Ob-Gyn residents face a myriad of ethically challenging situations, both specialty-specific and universal to all medical specialties. Ob-Gyn-specific Milestones require programs to assess residents' abilities to implement key ethical principles and behaviors. However, there is limited research evaluating resident preparedness in addressing ethically complex situations.METHODS:
A cross-sectional, web-based survey was deployed to residents from 9 of 11 ACGME accredited Ob-Gyn residency programs in Chicago. The survey was modified from a prior survey of Ob-Gyn residency program directors and developed in collaboration with a professional survey lab at the University of Chicago. Descriptive statistics were used to analyze data.RESULTS:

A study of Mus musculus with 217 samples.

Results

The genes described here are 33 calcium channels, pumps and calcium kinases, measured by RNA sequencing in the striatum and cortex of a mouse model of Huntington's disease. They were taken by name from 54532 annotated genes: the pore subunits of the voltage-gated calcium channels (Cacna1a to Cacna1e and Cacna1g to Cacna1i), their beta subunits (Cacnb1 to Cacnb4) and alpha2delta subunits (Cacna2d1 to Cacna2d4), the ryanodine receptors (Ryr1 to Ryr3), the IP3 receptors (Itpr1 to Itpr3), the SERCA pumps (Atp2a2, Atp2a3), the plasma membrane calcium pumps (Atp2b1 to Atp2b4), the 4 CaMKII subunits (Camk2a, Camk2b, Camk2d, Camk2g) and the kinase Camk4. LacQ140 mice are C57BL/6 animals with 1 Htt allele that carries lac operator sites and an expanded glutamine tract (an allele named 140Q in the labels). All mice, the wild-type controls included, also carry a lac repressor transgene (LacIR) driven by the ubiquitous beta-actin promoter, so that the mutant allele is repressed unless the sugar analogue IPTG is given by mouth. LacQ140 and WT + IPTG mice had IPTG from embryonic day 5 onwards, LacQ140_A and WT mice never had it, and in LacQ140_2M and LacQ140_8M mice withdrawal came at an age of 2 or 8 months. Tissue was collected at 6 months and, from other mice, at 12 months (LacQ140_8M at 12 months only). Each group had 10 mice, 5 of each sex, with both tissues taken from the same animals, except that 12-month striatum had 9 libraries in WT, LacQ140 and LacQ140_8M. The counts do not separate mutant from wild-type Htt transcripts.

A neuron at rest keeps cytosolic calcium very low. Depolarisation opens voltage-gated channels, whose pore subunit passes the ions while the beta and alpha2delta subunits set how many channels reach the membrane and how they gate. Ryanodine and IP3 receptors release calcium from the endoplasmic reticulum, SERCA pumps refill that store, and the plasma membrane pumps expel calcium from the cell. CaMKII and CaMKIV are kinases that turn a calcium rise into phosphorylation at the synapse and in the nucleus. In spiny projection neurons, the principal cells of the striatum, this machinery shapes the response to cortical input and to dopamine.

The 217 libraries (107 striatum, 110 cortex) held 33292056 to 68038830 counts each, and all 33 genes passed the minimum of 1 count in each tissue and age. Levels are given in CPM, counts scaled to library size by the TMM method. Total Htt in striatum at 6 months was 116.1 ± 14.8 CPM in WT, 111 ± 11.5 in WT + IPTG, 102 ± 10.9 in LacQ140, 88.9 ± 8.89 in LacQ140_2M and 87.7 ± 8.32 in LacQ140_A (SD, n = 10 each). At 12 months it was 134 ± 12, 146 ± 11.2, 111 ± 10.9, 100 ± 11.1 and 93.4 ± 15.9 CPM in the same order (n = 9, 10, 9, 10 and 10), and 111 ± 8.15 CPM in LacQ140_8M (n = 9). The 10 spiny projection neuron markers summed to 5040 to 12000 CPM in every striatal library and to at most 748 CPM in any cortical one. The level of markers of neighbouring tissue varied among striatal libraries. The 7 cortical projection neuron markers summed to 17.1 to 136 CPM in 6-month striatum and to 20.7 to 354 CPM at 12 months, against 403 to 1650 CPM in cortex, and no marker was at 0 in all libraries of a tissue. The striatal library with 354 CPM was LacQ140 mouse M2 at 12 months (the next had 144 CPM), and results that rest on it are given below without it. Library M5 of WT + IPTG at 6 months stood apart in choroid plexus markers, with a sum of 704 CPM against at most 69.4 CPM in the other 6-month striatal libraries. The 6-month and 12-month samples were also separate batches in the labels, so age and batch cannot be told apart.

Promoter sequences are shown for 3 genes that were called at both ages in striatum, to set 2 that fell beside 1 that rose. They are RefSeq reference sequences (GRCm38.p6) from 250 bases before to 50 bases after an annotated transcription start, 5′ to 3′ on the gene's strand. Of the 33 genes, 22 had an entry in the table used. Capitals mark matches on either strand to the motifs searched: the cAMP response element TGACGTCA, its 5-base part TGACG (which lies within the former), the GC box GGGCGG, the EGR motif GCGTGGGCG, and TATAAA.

Of 191 eligible ob-gyn residents, 111 (58%) responded to the survey. Most respondents were from university-based programs (n=90, 81%) without religious affiliation (n=81, 73%). Only 23% (n=26) of respondents indicated their program included ethics in its core educational curriculum. Eighty percent (n=89) of respondents stated their program dedicated 0–5 hours per year to ethics. The vast majority of residents (n=90, 81%) would like “more” to “a lot more” ethics education and believed it should be required (n=72, 65%) for residency completion. Forty-two percent (n=47) of respondents stated they felt “somewhat” or “very unprepared” to deal with ethically challenging situations. Residents identified curricular crowding (n=87, 78%) and limited faculty expertise (n=69, 62%) as barriers to receiving formal ethics education.DISCUSSION:
Although barriers such as time constraints and faculty inexperience exist, Ob-Gyn residents desire greater ethics education in residency training.